JEFFERSON CITY — The most powerful chairmanship in the Senate now belongs to the senator from the district with the largest single government institution in the state. Sen. Kurt Schaefer, R-Columbia, who represents the district that houses the center of operations for the University of Missouri System, will assign discretionary funding this session as head of the Senate Appropriations Committee.
"I intend to make it a priority to do everything I can for K-12 education and higher education," Schaefer said. "I do think that in this economic climate, it would be a victory to be able to hold funding steady for both K-12 and higher ed compared to last year."
Last year, MU received more than half a billion dollars in funding for education and other expenses.
Roger Wilson was the last Columbia senator to chair the Appropriations Committee, from 1986-1992. He said although the chairman must deny roughly two-thirds of budget requests even in good times, the position can help protect the university from cuts.
"Chris Kelly (D-Columbia) was the House budget chairman at the time that I was Senate budget chairman for two years, and we didn't run away with the bacon, we didn't grab everything we could for the University of Missouri — but it was certainly easier to keep the University of Missouri from getting harmed in those positions," Wilson said. "You are in a critical decision-making position, which will enable you to move agendas probably more forcefully than a lot of House or Senate positions."
In his inaugural speech last week, Senate President Pro Tem Rob Mayer, R-Dexter, who makes committee appointments, made reference to the importance of higher education in his life. When he suddenly lost his first job of 12 years, he was able to begin a new career by finishing his undergraduate education and then attending law school at the University of Missouri-Kansas City.
Mayer said he and Schaefer have talked about his obligation to his district and the university.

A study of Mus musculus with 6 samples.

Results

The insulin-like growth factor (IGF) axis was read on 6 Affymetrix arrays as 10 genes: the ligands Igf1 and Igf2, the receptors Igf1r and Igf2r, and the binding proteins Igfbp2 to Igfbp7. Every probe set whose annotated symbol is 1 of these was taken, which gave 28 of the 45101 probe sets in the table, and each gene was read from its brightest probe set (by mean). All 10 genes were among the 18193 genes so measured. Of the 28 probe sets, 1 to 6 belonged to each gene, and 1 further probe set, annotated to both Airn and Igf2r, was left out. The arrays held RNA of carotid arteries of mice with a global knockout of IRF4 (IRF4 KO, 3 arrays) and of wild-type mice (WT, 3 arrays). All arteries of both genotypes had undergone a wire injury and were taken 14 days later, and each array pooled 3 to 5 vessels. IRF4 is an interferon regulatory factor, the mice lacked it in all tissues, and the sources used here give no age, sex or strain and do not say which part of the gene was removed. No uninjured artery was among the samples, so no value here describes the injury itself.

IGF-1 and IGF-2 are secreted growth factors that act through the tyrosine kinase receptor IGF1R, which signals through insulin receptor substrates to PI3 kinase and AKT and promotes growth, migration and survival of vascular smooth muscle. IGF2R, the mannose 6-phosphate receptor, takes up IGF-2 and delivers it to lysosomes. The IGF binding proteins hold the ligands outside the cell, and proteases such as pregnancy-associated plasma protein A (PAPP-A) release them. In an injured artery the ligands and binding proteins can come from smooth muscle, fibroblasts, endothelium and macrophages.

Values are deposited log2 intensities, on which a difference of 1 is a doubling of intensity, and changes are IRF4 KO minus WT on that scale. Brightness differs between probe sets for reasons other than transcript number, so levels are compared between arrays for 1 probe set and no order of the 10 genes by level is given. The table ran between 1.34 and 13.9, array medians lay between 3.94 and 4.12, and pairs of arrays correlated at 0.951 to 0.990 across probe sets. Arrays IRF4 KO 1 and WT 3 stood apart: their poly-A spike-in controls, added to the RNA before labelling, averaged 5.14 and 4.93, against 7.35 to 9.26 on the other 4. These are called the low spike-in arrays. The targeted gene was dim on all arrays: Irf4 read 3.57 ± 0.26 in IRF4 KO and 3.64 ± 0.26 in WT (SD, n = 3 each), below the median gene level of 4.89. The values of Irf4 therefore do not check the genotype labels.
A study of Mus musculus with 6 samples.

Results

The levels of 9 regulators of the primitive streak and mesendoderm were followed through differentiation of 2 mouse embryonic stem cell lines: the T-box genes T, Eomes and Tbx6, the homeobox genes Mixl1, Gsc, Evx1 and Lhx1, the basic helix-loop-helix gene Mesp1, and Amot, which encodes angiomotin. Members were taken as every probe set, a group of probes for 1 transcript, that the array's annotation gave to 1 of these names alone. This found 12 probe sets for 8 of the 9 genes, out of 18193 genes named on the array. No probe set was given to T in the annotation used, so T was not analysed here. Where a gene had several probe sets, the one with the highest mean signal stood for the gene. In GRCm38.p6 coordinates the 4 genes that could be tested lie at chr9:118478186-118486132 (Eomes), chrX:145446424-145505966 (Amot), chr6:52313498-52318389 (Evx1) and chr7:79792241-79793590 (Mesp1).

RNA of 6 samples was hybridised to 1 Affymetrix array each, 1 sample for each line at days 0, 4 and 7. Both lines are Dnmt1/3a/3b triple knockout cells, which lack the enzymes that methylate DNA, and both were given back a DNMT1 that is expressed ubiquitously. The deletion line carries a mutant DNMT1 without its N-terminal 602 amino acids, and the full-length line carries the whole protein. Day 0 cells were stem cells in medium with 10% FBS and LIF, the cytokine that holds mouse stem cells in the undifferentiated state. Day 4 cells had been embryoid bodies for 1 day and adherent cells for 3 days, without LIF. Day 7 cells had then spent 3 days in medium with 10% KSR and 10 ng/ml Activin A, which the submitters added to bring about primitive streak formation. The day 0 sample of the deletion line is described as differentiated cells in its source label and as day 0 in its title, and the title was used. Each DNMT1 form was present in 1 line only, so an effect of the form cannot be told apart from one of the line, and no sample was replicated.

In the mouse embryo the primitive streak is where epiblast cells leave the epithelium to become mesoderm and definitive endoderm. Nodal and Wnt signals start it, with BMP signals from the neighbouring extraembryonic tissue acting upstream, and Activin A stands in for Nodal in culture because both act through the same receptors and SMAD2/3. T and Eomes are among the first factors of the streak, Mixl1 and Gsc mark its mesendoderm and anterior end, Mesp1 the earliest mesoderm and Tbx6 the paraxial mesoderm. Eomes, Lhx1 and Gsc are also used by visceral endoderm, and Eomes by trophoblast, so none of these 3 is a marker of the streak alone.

"He and I have had discussions pertaining to the higher education budget, and I just think he has a good handle on the overall budget picture — and understands that after coming out of this economic downturn that has been historic in proportion that he'll have to make tough decisions and decisions that may not be popular in his district, that may not be popular around the state," Mayer said.
The slow economy, Schaefer said, is definitely a consideration and will be an obstacle for all budget decisions this session.
"This is very likely the most difficult budget year that Missouri has ever faced when you compare it to decreases from previous years, so obviously that's a real challenge, especially on behalf of K-12 education and higher education," Schaefer said.
Mayer said he is hopeful they will be able to keep cuts to education at a minimum, though it could prove difficult to do.
"I think we all would like to see K-12 funding, especially the foundation formula, stay at the same level of funding that it did last year, and certainly with higher ed, too," Mayer said. "I'm not certain that that's possible, but I hold out some optimism that we'll find some more cost savings."
Mayer and Schaefer previously worked together on the Appropriation Committee last year; Mayer was chairman and Schaefer was vice-chairman. Mayer announced the appointment Wednesday morning and said he was confident in Schaefer's ability to lead and his understanding of budget issues.
The first step in the budgeting process begins next week with Democratic Gov. Jay Nixon, who will deliver his budget proposal when he gives his State of the State address Jan. 19. The General Assembly will work from that proposal to reach a balanced budget, which it is constitutionally required to do. The governor then has line-item veto power over the budget produced by the legislature.